GMAT Aspirant: Are you also measuring yourself the wrong way?

“What you measure is what you’ll get. Period.”, writes Dan Ariely in this amazing article.
 
Here’s something I’d say to a majority of GMAT aspirants: You are measuring yourselves the wrong way.
 
When people prepare for GMAT, they usually need some parameters to measure themselves against because if they don’t measure/track themselves, they feel they may get lazy and may not work hard. And almost everybody chooses the same parameters. The person starts by choosing a GMAT date and then works backward to see how much content needs to be covered every week. Then, the person measures herself against the amount of content she is supposed to cover every week.
 
This is where she goes wrong.
 
If you measure yourself by the amount of content you cover, then you’d try to cover more and more content (solve more and more questions) in whatever time you have. If you have less time, you’ll try to rush through the content just to meet your goals. Besides, even if you have more time, you’ll not spend more time on the same content; you’ll try to overshoot your target because doing so would give you more satisfaction. Since you are measuring yourself not on how much you are learning but on how much content you cover, you’ll end up covering a lot of content but not probably learning a lot. In context of this post of mine, you will dig-up a hundred one-foot wells but not a hundred-feet well since you are measuring yourself on the number of wells you dig up.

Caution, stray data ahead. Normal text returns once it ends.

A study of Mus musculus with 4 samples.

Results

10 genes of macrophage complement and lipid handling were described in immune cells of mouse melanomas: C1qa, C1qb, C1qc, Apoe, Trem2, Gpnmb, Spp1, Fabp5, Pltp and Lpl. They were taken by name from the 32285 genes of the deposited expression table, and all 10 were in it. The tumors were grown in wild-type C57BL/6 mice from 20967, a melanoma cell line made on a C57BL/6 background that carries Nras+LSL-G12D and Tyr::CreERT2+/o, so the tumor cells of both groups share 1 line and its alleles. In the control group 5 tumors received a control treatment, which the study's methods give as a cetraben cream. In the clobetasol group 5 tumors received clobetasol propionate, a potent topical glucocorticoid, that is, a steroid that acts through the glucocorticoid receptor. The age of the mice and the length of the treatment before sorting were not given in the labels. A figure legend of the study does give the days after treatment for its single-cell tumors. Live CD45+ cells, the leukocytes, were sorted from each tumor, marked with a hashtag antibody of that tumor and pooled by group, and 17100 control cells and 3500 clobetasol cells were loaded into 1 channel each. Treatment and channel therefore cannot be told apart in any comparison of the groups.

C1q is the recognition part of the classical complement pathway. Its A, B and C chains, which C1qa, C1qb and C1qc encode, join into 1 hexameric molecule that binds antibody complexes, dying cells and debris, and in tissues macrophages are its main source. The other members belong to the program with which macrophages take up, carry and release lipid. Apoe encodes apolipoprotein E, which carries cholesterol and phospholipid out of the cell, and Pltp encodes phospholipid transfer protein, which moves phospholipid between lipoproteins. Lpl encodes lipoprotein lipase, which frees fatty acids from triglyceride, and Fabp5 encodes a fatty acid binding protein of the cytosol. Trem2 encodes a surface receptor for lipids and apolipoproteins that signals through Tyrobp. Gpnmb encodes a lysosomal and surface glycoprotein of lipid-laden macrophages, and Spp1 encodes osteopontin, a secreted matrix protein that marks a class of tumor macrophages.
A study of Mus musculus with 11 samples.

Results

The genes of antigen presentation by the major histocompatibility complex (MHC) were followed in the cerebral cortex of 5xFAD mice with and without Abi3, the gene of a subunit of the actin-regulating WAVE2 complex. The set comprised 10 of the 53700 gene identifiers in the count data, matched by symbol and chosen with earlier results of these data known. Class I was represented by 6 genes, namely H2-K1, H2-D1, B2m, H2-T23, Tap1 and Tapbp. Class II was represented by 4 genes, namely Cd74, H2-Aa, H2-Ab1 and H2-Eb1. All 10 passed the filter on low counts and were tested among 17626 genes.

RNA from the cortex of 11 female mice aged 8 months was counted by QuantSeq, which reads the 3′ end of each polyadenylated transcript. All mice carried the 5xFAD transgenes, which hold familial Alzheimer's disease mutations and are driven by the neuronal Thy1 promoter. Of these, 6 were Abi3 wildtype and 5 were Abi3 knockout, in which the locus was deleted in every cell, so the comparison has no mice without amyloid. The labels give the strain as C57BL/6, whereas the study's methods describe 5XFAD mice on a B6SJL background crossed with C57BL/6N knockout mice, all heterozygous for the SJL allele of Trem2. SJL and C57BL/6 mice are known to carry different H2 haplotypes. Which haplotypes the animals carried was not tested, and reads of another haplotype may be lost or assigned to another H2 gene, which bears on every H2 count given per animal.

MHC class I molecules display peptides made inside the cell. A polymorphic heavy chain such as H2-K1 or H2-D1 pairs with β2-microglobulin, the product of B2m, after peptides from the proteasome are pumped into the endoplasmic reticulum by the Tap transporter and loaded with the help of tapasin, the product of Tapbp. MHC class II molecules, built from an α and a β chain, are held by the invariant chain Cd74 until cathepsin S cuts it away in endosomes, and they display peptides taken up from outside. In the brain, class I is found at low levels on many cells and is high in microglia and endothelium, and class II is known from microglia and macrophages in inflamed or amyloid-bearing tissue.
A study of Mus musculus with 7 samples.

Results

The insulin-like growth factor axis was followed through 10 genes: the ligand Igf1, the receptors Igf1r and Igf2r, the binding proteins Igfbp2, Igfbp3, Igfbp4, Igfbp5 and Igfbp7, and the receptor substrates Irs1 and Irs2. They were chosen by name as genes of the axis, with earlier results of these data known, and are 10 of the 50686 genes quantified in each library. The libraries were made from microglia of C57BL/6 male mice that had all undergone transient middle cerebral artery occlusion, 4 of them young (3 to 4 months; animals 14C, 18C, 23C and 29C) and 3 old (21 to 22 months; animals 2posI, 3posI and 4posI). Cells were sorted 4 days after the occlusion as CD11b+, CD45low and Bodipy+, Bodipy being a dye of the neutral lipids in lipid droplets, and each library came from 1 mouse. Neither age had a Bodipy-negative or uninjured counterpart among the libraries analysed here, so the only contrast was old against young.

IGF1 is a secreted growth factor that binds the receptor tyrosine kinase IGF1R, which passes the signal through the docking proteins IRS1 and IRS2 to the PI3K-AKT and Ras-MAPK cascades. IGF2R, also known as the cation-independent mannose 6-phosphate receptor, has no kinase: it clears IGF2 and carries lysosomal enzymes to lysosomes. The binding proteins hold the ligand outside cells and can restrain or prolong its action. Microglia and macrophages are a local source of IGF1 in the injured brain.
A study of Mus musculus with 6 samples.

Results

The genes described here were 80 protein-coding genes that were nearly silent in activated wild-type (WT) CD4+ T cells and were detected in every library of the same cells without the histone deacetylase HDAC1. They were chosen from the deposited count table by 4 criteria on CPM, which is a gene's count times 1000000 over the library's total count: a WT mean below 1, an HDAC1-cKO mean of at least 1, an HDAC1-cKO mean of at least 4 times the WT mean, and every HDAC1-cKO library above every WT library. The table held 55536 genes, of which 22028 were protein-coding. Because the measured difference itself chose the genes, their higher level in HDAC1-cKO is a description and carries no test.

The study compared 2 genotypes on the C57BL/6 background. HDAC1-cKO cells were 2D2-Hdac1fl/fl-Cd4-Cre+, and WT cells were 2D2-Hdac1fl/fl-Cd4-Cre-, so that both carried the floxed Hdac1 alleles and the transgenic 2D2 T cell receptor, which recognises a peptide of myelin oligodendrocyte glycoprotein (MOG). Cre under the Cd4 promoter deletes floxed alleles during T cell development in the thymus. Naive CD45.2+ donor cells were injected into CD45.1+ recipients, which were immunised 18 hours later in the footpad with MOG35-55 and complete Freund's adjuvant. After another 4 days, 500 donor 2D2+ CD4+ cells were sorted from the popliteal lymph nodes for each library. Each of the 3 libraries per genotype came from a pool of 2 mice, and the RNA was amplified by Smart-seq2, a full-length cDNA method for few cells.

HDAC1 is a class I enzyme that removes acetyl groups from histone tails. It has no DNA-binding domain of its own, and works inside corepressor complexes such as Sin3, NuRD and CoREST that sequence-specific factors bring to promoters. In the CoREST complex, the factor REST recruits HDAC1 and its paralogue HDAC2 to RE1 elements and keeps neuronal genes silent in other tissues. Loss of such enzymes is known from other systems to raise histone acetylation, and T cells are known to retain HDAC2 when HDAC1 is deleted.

Clearly, if you want to succeed on GMAT, you need to change the way you measure yourself.
 
I usually recommend my students that they measure themselves in terms of Productive Time spent on GMAT preparation. Productive Time is a multiple of the number of hours spent studying and a productivity multiple, which could be 0.25, 0.5, 0.75, or 1.0. The student assigns herself a productivity number for every study session, depending on how productive she was during the session. The higher the distractions, the lower the productivity multiple. The higher the focus, the higher the productivity multiple. Using this parameter, the student can create weekly targets for herself and then measure herself against them. With such a parameter, the student can easily spend more time on a question or a concept to understand it deeply without feeling guilty of not meeting the content goals.

About Chiranjeev Singh

An Alumnus of IIM Ahmedabad and with scores of 780 (2017) and 770 (2013) on GMAT and 99.98%ile on CAT, Chiranjeev is one of the most qualified GMAT tutors in India. Chiranjeev has earlier served as Director of Curriculum at e-GMAT. Chiranjeev has been helping students ace GMAT since 2012. He follows a concept-based methodology to teaching GMAT and is very committed to student success. You may contact him for any private GMAT tutoring needs at CJ@GMATwithCJ.com. He conducts online sessions for students across the world.